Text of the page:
Second Screen & Social Media Change How We Watch The Super Bowl

Second Screen & Social Media Change How We Watch The Super Bowl


According to CBS, the average 30 second Super Bowl ad has cost $3.8 Million to secure but advertisers are confident that the commercials will drive viewers online (both before, during and after the game) to investigate further.


The four stages of the televised game (Pre Kick-Off, Kick-Off, the game itself and Post game) dominated the viewing figures for a single Telecast TV program in 2012 and everyone is expecting 2013 to at least match these stats. Many brands have already taken advantage of the enormous amount of interest in the Super Bowl ads and pre-released their commercials in a bid to raise consumer awareness and to generate much needed buzz. The use of social sharing networks like YouTube, Twitter & Facebook and companion hardware like smartphones and tablets are also going to play a huge part in the experience for many fans. We’re seeing some fantastic innovative ideas here already.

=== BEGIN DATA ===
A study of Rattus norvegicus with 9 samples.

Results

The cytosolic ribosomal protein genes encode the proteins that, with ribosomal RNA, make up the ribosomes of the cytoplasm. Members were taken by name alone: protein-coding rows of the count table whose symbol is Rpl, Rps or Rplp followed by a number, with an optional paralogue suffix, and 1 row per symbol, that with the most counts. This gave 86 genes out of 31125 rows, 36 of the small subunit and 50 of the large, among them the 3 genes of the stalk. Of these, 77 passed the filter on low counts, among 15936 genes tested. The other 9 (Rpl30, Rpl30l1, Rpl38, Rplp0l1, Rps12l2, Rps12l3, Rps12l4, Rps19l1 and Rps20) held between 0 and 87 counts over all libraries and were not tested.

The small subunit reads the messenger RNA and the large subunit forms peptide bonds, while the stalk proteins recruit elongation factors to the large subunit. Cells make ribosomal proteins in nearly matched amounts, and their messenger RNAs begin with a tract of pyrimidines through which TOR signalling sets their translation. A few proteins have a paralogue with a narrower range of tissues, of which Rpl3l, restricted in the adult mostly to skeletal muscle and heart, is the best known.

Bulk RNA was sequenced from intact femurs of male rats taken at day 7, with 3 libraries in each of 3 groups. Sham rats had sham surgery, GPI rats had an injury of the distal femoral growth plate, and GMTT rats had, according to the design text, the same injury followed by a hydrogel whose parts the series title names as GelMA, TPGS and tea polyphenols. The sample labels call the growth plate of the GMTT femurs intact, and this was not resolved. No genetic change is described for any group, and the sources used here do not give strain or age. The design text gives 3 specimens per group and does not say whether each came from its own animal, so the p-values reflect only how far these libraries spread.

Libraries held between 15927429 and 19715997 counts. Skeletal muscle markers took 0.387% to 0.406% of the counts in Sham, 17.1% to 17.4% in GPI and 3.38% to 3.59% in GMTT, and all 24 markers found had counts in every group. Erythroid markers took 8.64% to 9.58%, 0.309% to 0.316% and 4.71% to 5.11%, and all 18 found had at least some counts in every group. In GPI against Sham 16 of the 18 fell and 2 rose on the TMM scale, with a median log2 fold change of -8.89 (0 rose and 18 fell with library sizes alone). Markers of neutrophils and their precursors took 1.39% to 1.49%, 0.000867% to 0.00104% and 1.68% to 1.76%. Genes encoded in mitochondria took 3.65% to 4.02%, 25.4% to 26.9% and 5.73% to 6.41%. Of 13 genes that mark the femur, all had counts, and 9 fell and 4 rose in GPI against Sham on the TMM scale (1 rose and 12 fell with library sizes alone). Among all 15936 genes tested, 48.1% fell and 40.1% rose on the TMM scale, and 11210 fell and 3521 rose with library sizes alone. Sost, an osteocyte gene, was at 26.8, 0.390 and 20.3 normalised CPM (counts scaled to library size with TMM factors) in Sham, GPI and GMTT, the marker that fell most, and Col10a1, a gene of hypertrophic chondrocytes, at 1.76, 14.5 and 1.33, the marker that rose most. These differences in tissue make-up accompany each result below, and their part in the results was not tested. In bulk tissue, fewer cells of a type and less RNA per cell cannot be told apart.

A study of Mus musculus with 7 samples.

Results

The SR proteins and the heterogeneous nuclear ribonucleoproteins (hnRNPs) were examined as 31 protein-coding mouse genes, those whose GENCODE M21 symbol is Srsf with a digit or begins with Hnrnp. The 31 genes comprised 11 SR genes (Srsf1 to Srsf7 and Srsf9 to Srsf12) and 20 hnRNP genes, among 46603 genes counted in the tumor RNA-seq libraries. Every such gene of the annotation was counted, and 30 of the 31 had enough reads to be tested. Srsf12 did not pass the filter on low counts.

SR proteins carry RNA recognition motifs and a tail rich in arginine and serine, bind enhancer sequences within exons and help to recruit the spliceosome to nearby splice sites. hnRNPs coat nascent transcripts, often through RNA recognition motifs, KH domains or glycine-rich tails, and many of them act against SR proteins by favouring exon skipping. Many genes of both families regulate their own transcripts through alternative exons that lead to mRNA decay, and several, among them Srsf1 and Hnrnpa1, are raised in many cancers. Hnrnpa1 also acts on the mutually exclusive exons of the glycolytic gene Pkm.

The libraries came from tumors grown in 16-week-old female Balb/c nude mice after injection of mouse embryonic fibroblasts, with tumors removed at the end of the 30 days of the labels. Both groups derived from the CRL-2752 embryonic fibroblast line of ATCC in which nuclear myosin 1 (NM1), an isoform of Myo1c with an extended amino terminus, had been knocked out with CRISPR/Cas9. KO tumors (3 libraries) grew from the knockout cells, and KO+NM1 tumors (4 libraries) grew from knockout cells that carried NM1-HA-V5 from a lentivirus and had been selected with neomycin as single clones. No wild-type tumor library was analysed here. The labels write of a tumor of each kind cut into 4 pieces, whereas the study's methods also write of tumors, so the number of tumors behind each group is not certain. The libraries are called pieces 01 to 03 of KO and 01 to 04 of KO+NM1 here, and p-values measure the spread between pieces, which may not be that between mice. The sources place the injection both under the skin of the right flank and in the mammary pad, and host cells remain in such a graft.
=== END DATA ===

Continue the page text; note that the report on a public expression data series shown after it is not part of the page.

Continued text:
For instance, Hulu have created a special ‘Super Bowl Adzone’ where viewers can re-run and then vote for their favorite ad and share that info via the usual social networks. CBS will be offering access, via an app, to unique camera angles that you won’t see on the big screen and of course, we have the big hitters like Coca-Cola who have created their own unique ad which is totally dependent on viewer participation.

Super Bowl 2013 could be the most interactive live event we have seen yet with millions of off-TV discussions generated across the internet. With 95% of all online conversations about television taking place on Twitter, even brands that can never hope to afford to compete with the likes of GoDaddy or Mercedes could still cash in on the interest generated – as long as they play the social media game correctly.

How We Will Watch Super Bowl 2013

A new report from Nielsen confirms the many different ways that fans will watch and connect with each other on February 3rd. It is estimated that 60% of tablet and smartphone access sports content via those devices every day, so we can be pretty sure that it will be at least the same during the game on Sunday.


The lifespan of an average Super Bowl advert has the potential to extend much further than its allotted 30 seconds and it will be fascinating to see which companies benefit the most from their digital marketing on the back of their TV slot.